Ordnance Survey map of 1871/4

In the middle ages, the whole country was divided up into parishes, each with its own church building and also an area of land called ‘the glebe’ which was assigned to support the priest. Cranleigh’s glebe was larger than average, because the clay soil was so poor. The priest could either work the land himself or let it out as a farm. Here, he let out most of it, and it was known as Parsonage or Glebe or Rectory Farm.

Site of Parsonage Farm today, just off Ewhurst Road

By a happy chance, we have some information about Parsonage Farm in 1819, when one James Puttock was leasing it. In his ledger book he entered the farm produce that he sold. The first two entries read: April 19 Matthew Bristow 17 lambs at 38d each = £32 6s, April 22 Mr Peto a carcased sheep = 18s. (Mr Peto was the master of the workhouse, and was buying in bulk for the inmates.)

Letters of the rector’s family at the same period show that finding a suitable person to lease the farm was a continual headache for the rector.

A page in James Puttock’s ledger book about Parsonage Farm in 1819

Parsonage Farm featured in the Surrey Advertiser in 1916, when an elderly farmworker fell from a hayrick he was building. He was taken to the Village Hospital, but died four days later.

But where precisely were the Parsonage Farm buildings? Nobody seemed to know. Surprisingly, the deeds of a house in St Nicolas Avenue supplied the answer. An Act of Parliament of 1888 made it legal for a parish to sell some of its glebe land and reinvest the proceeds in other assets, notably government stock. In 1913 some of Cranleigh’s glebe land including part of Parsonage Farm was sold by the rector to Sir Charles Chadwyck-Healey of Wyphurst. The map accompanying this sale reveals that the farmhouse was on Ewhurst Road.

Sketch map of 1913. Pink is the land of Parsonage Farm which was being sold; deeper pink denotes the farm buildings and yard. They are just north of Ewhurst Road. Notice the footpath going east to west which is still in constant use. It crosses St Nicolas Avenue and goes beside the cemetery.

Knowing the location of the farmhouse enables us to identify it on the 1871/4 Ordnance Survey map, where it is shown but not named. It has been circled in red on the map given here. Ewhurst Road is called, rather delightfully, ‘Bedlam Lane’. The more respectable, but less evocative, modern name replaced it by 1891. It is interesting to see the Pound, shown as a little square structure, next to the brook (Cranleigh Waters) and south of the track that became Mead Road: this was a lock-up for any stray animals found wandering in the village. A brewery is marked next to the White Hart public house. This was Bruford’s Brewery that within the next few years moved to a more prominent site opposite the Obelisk.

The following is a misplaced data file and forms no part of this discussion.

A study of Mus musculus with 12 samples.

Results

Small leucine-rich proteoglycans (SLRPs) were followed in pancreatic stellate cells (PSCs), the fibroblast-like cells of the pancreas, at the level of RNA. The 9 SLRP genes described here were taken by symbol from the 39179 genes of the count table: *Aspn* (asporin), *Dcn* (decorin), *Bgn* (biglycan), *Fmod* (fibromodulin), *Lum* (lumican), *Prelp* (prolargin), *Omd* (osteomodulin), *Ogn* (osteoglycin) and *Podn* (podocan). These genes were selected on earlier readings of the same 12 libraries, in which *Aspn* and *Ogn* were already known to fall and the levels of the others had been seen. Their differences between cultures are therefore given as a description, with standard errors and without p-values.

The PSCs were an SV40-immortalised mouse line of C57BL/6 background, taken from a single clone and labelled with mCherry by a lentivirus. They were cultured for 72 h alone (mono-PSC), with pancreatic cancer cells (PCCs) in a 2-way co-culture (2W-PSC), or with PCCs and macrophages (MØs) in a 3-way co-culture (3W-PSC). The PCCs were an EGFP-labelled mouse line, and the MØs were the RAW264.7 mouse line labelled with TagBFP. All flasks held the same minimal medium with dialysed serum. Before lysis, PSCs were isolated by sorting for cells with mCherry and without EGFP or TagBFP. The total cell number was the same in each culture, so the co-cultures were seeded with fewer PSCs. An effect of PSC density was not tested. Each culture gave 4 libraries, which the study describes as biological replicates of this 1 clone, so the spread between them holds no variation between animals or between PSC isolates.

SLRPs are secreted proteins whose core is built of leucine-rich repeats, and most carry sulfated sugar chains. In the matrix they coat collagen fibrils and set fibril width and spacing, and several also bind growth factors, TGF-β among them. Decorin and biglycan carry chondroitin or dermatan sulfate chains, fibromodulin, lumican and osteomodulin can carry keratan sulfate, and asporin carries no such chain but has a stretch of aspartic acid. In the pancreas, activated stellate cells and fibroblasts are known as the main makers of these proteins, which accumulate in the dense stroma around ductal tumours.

Bert Lade, on the right, who raised the alarm, outside his butcher’s shop in Ewhurst Road

The end came for Parsonage Farm in 1922, when a serious fire broke out. Mr Bert Lade, the butcher, was sitting in the office of his shop in Ewhurst Road on a Monday afternoon, when he noticed flames rising from a haystack across the road, and raised the alarm. The Cranleigh Fire Brigade was soon on the scene, taking their manual engine on to the lawn of ‘Dewlands’ in Dewlands Lane, so as to draw water from the large ornamental pond there. It was the largest fire in Cranleigh for some years, and the Guildford Fire Brigade was called also. The blaze soon spread to other haystacks, and was only 12 feet from engulfing two cottages (nos. 3-4 Lade’s Cottages). Walter Corin, the photographer who worked at ‘The Studio’ next to the Obelisk, was on hand to take dramatic photos of the fire at its height. Seven haystacks and some stables were destroyed before the fire was put out.

Photo of the Parsonage Farm fire by Walter Corin in the West Sussex County Times

Mr A.B. Johnston, who had acquired this land and farmhouse, decided not to rebuild, but instead to develop some of the land as housing. Using the builders Auchterlonie and Reeves (whose manhole covers can still be spotted around Cranleigh), he built three houses, and named the road ‘St Nicolas Avenue’, after the church whose land it had been for centuries.

The first three houses built in St Nicolas Avenue

(Grateful thanks to Brian Cheesman for the loan of James Puttock’s ledger book; to Geoff and Jean Edwards for letting me see the deeds of their house; and to Mrs Catherine Ferrier for the newspaper accounts of the fire in the Frank Warren Papers.)

The Cranleigh History Society meets on the second Thursday of each month at 8.00pm in the Band Room. The next meeting however will be a tour of Cranleigh churchyard led by Michael Miller at 2.30pm on Thursday June 13th.